CHANTILLY, VA (Mar. 8, 2018) - DHI and the Door Security + Safety Foundation (DSSF) proudly support the federal STOP School Violence Act legislation, funding for which was included in the $1.3 trillion federal budget signed into law on March 23. The legislation will help schools and communities stop violence before it happens by providing resources focused on early intervention and school safety infrastructure.
“This bill is an important step in providing communities with much-needed funds to improve school security infrastructure and security technology, to protect our most precious natural resource – our children,” said Jerry Heppes Sr., CAE, CEO of DHI and the Door Security & Safety Foundation. “We understand how important safety is to the school community because our members design and build door openings that address a variety of scenarios.”
The omnibus funding bill also includes $1.2 billion for programs in the education sector to improve school safety; legislation to improve school officials’ emergency preparedness; and increased funding for various mental health and law enforcement programs.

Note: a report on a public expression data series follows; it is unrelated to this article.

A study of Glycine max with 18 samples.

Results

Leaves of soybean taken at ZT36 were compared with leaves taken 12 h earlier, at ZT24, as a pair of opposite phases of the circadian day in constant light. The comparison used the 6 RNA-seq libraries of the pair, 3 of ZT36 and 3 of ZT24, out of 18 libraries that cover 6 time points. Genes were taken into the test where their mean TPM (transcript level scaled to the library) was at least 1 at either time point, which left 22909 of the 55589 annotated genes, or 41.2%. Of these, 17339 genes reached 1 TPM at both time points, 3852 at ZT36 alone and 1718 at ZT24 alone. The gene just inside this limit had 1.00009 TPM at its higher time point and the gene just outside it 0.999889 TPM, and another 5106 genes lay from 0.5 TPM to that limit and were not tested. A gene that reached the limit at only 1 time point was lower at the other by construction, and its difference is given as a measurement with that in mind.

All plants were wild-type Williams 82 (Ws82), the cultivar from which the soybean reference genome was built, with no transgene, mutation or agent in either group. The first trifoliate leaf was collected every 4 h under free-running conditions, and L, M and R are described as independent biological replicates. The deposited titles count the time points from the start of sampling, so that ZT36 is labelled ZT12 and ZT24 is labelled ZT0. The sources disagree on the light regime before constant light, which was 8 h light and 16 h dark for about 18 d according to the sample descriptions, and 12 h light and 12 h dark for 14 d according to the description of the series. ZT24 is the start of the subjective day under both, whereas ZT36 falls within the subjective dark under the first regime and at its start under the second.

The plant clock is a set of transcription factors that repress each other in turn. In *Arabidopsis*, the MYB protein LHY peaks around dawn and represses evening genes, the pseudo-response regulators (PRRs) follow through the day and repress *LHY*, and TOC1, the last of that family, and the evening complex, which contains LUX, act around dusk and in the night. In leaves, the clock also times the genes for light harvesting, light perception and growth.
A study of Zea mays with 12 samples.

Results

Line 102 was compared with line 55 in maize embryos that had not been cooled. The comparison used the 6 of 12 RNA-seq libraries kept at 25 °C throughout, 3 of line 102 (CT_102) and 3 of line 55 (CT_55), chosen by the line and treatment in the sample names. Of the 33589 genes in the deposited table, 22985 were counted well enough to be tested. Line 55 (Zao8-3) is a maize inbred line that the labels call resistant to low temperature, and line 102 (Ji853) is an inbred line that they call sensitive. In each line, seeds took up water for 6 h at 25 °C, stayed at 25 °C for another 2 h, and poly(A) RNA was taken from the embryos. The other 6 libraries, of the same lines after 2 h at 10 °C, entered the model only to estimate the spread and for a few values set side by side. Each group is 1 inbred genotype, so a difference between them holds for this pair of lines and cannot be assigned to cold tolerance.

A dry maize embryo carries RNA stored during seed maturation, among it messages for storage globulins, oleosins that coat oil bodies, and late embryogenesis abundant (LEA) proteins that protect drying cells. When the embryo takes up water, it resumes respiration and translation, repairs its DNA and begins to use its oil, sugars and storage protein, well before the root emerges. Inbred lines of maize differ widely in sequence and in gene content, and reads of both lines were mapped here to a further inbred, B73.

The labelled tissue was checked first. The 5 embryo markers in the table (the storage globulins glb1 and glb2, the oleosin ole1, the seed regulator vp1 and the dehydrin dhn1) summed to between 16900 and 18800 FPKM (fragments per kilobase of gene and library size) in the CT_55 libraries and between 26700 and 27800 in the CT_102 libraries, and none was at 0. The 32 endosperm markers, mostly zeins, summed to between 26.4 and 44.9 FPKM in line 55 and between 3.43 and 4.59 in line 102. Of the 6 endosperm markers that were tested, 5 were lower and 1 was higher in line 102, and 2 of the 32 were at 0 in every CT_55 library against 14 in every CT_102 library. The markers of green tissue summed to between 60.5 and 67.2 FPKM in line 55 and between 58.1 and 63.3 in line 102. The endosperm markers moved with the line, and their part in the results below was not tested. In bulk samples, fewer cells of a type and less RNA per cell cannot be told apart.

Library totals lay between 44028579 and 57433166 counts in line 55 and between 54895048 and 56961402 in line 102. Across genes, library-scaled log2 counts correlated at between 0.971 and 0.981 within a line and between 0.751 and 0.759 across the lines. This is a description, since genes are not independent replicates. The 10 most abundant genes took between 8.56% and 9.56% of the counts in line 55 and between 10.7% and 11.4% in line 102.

The Student, Teachers and Officers Preventing School Violence Act of 2018 (the STOP School Violence Act) offers Department of Justice (DOJ) grants to states, ultimately helping schools implement proven, evidence-based programs and technologies that stop school violence before it happens. The act provides $75 million in 2018 and $100 million from 2019-2028 for schools to add security systems, improve coordination with local law enforcement agencies and train students, teachers and police on identifying and preventing violence.
The Act will fund four initiatives:
- Evidence-based training to prevent student violence against others and self, including training for local law enforcement officers, school personnel, and students.
- Evidence-based technology and equipment to improve school security and prevent violent attacks.
- The development and operation of evidence-based school threat assessment and crisis intervention teams, which may include evidence-based training for school officials in responding to mental health crises.
- Continued coordination with local law enforcement.